FILE - This image released by Disney shows Ruby Barnhill and the Big Friendly Giant from Giant Country, voiced by Mark Rylance, in a scene from"The BFG." "The Legend of Tarzan" and "The BFG" were both dwarfed by "Finding Dory" over the July 4th weekend, as the Pixar sequel led the box office for the third straight weekend. (Disney via AP, File)

FILE - This image released by Disney shows Ruby Barnhill and the Big Friendly Giant from Giant Country, voiced by Mark Rylance, in a scene from"The BFG." "The Legend of Tarzan" and "The BFG" were both dwarfed by "Finding Dory" over the July 4th weekend, as the Pixar sequel led the box office for the third straight weekend. (Disney via AP, File)

Reeling it in: ‘BFG’ a beautiful film, but falls flat

“The Big Friendly Giant”

Walt Disney Motion Pictures

1 hour, 57 minutes


I’m at a bit of a loss at how to approach Steven Spielberg’s latest film, the beautiful misfire that is “The BFG.”

It’s a rare stumble from the man many consider to be the world’s greatest director, living or dead. Even now, in my memory, individual scenes I recall make me smile, which doesn’t really gel with reality since during the actual movie I was struggling to stay awake.

“The BFG,” based on a children’s book from Roald Dahl, tells the tale of Sophie, a wee bit of an orphan who is snatched away from her bed one night by the titular Big Friendly Giant. He takes her home to Giant Country and introduces her to the snozzcumber, a disgusting vegetable that makes up most of his diet, and to frobscottle, the bizarre drink that brings on bouts of “whizpopping.”

Sophie is also introduced to, though thankfully not in person, the BFG’s fellow giants, terrible beasts twice our hero’s size with names like Bloodbottler, Maidmasher, and Fleshlumpeater. While the BFG spends his time collecting pleasant dreams and dispersing them to the children of London at night, the others are the stuff of nightmares. No snozzcumbers for them, they subsist upon “human beans,” mostly children. Though the BFG is bullied by his giant brethren, with Sophie’s help he gains the courage to stand up to them and eventually, with the aid of the Queen of England herself, to defeat them once and for all.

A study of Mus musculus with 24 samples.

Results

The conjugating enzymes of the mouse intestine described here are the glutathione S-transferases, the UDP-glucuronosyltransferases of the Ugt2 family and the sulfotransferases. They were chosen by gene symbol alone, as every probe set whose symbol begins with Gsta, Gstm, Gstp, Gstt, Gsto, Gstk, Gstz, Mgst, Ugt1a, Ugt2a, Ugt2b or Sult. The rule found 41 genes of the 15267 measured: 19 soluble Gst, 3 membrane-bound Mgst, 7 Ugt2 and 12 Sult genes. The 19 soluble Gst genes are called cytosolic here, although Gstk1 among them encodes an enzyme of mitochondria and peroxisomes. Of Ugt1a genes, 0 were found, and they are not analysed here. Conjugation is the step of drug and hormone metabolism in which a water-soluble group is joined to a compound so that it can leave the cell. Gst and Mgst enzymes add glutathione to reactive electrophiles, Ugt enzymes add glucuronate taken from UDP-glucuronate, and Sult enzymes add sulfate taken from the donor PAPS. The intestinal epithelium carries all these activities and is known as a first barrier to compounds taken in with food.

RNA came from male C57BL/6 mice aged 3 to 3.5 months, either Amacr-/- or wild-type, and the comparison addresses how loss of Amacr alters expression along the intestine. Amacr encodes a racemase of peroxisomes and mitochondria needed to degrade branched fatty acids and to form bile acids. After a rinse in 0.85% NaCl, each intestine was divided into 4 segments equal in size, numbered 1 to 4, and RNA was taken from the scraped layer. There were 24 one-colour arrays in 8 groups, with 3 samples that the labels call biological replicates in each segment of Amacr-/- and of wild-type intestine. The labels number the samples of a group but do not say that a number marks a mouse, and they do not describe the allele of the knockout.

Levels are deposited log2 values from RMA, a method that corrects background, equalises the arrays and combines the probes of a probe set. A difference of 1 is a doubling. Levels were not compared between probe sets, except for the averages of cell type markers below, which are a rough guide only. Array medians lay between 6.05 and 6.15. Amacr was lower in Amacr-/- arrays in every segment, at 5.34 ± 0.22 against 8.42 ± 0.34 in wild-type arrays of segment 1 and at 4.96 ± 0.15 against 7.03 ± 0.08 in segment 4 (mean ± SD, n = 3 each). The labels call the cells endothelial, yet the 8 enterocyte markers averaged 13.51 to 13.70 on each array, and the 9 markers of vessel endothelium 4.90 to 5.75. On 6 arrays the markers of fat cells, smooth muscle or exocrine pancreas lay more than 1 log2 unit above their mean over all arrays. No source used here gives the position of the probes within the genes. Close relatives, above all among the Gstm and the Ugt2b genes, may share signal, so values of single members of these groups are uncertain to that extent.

It sounds fine, and my kids ate it up, but I wasn’t expecting it to be such a chore to get through. Spielberg sticks very close to the original text, wisely avoiding a tacked on backstory for either the giants or Sophie. However, the first two-thirds of the film are so lyrical that the audience is kept at a distance. I was never particularly concerned for Sophie’s safety and the BFG’s antagonists seemed less terrifying and more like basic bullies, which was, I’m sure, Dahl’s original intent.

The action sequences feel more like orchestrated acrobatics giving the appearance of danger, but where you know everything’s going to be OK. There are occasional laughs, but mostly the first two acts are sweet and pretty and magical and airless.

It isn’t until the film introduces another actual human character, in this case the Queen, that the film picks up. The last twenty minutes of the film are truly great. The scene where the BFG is treated to breakfast at Buckingham Palace is wonderful — funny and reminiscent of films of an era where the monarchy was an institution to revere and respect rather than ridicule. Dumb as it sounds, the entire theater was laughing when the BFG brings out his bottle of frobscottle to share with the Queen. You know when the farting scene is the best thing in the movie, there’s something off.

The BFG is a big disappointment, not because it’s terrible, but because it’s boring. It’s sad, because it’s obvious Spielberg has a real love for the material. It reminds me of another noble failure by him, 2011’s “The Adventures of Tintin.” Like “The BFG,” when I remember individual scenes and sequences from that film, I think, “Oh yeah, that was really good.” I even bought it last year to show the kids. But watching it? That’s another story. It put me out like a light.

Perhaps the problem is that Spielberg is attempting to adapt material that he loves too much and is unable to put his own spin on. Or, more likely, he’s made the most faithful adaptation possible to material that simply shouldn’t be adapted. Not all books should be made into movies, after all. It’s hard to remember that when we have a story that we love and the technology to make it all come to life.

Mark Rylance, as the BFG, is perfect and embodies the character fully and believably. His performance is spot on, as is that of Ruby Barnhill, who plays Sophie. The effects are excellent, and Spielberg’s longtime DP Janusz Kaminski has imbued the film with a gorgeous, rich color palate.

It’s not the individual pieces that are the problem with “The BFG.” It’s the whole. It lacks energy and, even at under two hours, feels overlong. Luckily, the film ends on a high note, but it’s not enough to warrant a second viewing. And with a Spielberg movie, that’s a rare thing.

Grade: C+

“The BFG” is rated PG for some scary moments and brief rude humor.


Chris Jenness is a freelance graphic designer, artist and movie buff who lives in Nikiski.